To be "good" in the past meant a variety of things. Perhaps a company’s product made people’s lives easier. Or maybe they provided jobs in economically challenging times. But chances are the environmental effects of manufacturing were never considered, and overseas production was a financially intelligent decision free from ethical implications. Big businesses and marketing agencies were focused on selling the American Dream. Problematic environmental and social consequences hadn’t yet come on the radar.
In the 1970s, a new marketing movement was born. It was called "cause marketing" and it matched for-profit businesses with charitable endeavors. Over the next few decades, the measure of doing good was how much your foundation gave to cancer, AIDS, dolphins, or any other topical issue. Cause marketing had its tangible benefits, but would prove to be trendy and lacking actual commitment.
Today there is an increased consumer value in supporting businesses that don’t simply do well, but that do good. Cultural values are shifting, and this sea change is catalyzing corporations to revisit the choices they are making. And this will continue. But we are far from a world where corporations are making choices based upon the triple-bottom line: profits, people, and planet.
Today the concept of corporate "good" is synonymous with corporate social responsibility (CSR). The problem with CSR is that it often ghettoizes good endeavors into a single department. Rather than addressing core environmental or social issues, companies allocate and donate and offset themselves in hopes of winning a favorable public profile. But a nip and a tuck do not address chronic heart conditions. For instance, McDonald’s restaurants do great work through their Ronald McDonald House Charities. But what about the vast amount of non-biodegradable consumer packaging that is thrown in the trash each day? Until companies address their own environmental and social demons, no amount of philanthropic tap-dancing will be enough to distract increasingly more educated consumers.
One-off philanthropic acts for the purpose of improving corporate reputation might provide a brief spike in consumer interest, but translate into little sustained brand respect or actual societal improvement. People are more connected than ever, and we are becoming more critical of the media we consume, and savvier with our dollars. Hoodwinking the consumer doesn’t work anymore.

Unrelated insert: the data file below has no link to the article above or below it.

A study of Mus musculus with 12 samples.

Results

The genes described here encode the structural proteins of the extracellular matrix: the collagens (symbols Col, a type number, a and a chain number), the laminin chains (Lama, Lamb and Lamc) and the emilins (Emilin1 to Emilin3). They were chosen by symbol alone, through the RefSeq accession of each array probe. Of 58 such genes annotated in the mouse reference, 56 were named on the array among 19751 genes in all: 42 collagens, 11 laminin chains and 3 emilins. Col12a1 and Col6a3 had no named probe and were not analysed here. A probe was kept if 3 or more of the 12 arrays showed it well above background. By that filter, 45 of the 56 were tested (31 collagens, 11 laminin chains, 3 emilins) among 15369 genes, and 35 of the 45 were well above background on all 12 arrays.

So if CSR is simply not good enough, and cause marketing is as hip as crimped hair and MC Hammer pants, what does "good" look like?
Here are three characteristics essential for any company that wants to be taken seriously as a responsible corporate citizen:
At some point it became acceptable for corporations to blatantly lie to the consumer. (Remember cigarette ads?) With the interconnectedness of our modern culture and mobile phoned-armed citizens becoming real-time neo-whistleblowers, companies that deviate from the truth are being slammed faster and harder than ever before. The simple solution: Tell the truth. And if the truth is not pretty, tell it anyway. And then tell us what you’re going to do about it.
Example: When it comes to sustainability, U.K.-based juice company Innocent lays it out directly on its website: "We sure aren’t perfect but we’re trying to do the right thing." It’s a simple yet compelling statement that makes the brand personable and more humane. But it also goes further, sharing comprehensive strategies when it comes to nutrition, ingredients, packaging, production, and long-term legacy.
The effectiveness of a company and the health of the social, environmental, and economic ecosystems where it exists are mutually dependent. In simpler terms: Be a respectable neighbor.
Example: Canadian bank Vancity prides itself on making "good money." It states: "When we make an impact on our community, it comes back to our members’ prosperity." The bank offers socially responsible investment portfolios, but also has a selection of homegrown initiatives, including financial support for local farmers’ markets.
The good companies of 2012 are displaying real compassion and commitment to social and environmental issues. The most effective (and honest) involvement is to address issues that fall within the domain of business.
Example: American company Proof Wood Eyewear is guided by the ethos "Look good, do good." It makes wooden eyewear, so it is working within its domains (eyesight and wood) by supporting sight-giving surgery in India and reforestation efforts in Haiti.
We know that companies can no longer afford to profit at the expense of the people or the planet. Being good is not a five-year plan, nor is it a sparkly marketing campaign. It certainly shouldn’t be allocated to a corporate subdivision. Being good is systemic; it comes top-down and bottom-up, and permeates from every division and department. It is a lifelong pledge from the brand to the consumer, and to the world.